Haas professor to return to Canadian university as dean

Related Posts

The University of British Columbia announced Monday that current UC Berkeley Haas School of Business Professor Robert Helsley will become the new dean of the Canadian university’s Sauder School of Business.

Helsley — who worked at the Sauder School of Business from 1984 to 2008 and was selected as dean after a year-long recruitment process involving faculty, staff, students and members of the Sauder School’s Faculty Advisory Board — will begin his term as dean on July 1 and replace current dean Daniel Muzyka.

“I am excited to be opening a new chapter as Dean of the Sauder School of Business,” Helsley said in an email. “I look forward to returning to the Sauder School, renewing my relationships and building on the remarkable growth the school has experienced in the past several years.”

A native of Oregon, Helsley has served as a professor and chair for the Haas Real Estate Program, and was the co-chair of the school’s Fisher Center for Real Estate and Urban Economics.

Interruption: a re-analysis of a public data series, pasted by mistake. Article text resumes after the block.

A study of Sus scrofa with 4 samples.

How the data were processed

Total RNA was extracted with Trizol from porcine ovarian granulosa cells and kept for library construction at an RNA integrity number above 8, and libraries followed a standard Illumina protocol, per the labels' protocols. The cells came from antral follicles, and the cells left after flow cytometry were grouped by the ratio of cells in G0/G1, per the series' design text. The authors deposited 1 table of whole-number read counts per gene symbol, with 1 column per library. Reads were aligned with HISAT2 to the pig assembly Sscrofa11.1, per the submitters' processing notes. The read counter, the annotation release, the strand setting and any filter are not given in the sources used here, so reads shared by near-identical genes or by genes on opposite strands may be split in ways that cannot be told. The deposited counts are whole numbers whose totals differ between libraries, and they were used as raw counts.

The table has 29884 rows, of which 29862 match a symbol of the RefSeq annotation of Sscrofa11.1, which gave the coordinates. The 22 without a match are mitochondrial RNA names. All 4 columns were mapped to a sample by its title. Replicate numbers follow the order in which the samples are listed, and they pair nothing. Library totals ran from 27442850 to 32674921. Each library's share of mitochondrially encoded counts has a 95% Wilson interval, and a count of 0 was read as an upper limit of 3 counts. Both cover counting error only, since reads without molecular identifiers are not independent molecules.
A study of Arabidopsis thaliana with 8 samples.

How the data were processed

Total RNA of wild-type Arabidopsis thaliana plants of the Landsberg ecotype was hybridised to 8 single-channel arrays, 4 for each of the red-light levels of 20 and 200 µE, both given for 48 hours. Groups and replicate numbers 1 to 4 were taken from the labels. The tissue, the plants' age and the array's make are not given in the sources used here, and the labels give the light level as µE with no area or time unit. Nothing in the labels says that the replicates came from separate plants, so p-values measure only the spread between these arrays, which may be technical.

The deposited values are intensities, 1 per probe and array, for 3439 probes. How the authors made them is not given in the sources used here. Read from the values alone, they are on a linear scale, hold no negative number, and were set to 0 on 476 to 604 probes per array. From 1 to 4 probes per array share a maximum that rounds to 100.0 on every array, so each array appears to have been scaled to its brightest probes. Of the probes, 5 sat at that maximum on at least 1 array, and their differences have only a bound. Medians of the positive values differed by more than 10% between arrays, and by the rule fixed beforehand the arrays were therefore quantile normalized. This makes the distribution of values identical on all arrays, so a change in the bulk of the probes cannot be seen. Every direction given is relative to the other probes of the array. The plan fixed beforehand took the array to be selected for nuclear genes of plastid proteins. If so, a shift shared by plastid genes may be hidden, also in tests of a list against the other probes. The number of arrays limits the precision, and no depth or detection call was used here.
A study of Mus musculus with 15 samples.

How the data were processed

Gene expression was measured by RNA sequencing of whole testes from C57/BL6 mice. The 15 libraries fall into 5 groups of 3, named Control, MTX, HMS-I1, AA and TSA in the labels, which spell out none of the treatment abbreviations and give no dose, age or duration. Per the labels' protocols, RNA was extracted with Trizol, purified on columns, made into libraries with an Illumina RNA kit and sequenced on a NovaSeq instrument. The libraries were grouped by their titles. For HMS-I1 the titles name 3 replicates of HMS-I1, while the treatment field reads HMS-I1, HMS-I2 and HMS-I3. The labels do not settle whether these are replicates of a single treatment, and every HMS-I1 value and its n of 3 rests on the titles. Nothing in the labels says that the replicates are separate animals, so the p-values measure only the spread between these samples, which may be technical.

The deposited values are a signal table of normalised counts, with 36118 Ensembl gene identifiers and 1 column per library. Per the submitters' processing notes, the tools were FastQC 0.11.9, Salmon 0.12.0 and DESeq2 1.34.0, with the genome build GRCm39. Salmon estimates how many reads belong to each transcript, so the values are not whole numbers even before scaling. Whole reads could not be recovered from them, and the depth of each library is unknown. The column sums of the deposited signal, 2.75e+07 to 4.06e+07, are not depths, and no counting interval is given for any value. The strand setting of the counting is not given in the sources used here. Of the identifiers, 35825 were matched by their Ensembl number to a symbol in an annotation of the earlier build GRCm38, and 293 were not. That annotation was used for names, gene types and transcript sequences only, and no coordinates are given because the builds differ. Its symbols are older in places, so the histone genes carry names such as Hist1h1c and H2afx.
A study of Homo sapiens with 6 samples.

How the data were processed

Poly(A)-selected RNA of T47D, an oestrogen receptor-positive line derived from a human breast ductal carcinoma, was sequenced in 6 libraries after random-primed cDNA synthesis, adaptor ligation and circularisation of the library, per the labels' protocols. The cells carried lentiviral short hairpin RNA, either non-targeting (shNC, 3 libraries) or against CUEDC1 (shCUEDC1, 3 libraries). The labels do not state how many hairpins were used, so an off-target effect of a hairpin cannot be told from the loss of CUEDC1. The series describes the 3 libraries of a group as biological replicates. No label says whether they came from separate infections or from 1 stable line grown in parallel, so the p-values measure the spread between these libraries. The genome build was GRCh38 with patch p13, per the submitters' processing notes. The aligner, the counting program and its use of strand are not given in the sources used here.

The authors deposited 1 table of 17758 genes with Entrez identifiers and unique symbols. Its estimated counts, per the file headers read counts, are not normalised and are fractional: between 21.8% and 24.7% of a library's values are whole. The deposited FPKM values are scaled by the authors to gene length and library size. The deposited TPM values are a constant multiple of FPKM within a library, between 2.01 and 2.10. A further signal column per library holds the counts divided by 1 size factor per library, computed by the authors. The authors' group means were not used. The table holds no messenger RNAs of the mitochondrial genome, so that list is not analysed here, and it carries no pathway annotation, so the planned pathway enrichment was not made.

“We are extremely pleased that Robert Helsley is returning to the UBC community as Sauder’s dean,” said David Farrar, provost and vice president academic at the University of British Columbia, in a press release. “The close connections he fostered at the university and in the business community during his more than 20 years at the school, as well as his recent experience as a senior academic at one of North America’s premier business schools, will be tremendous assets for Sauder as it continues on its dynamic trajectory of growth.”

Before coming to UC Berkeley in 2008, Helsley was a senior associate dean of faculty and research as well as the director of real estate and urban economics at Sauder, according to the press release.

“It will be a great pleasure to lead Sauder as it continues to build its international reputation for research and teaching excellence,” Helsley said in the email. “At the same time, I am sad to be leaving Berkeley. I am grateful to have had an opportunity to be a member of the Haas faculty, and I am going to miss the school and my colleagues very much.”

Anjuli Sastry is an assistant news editor.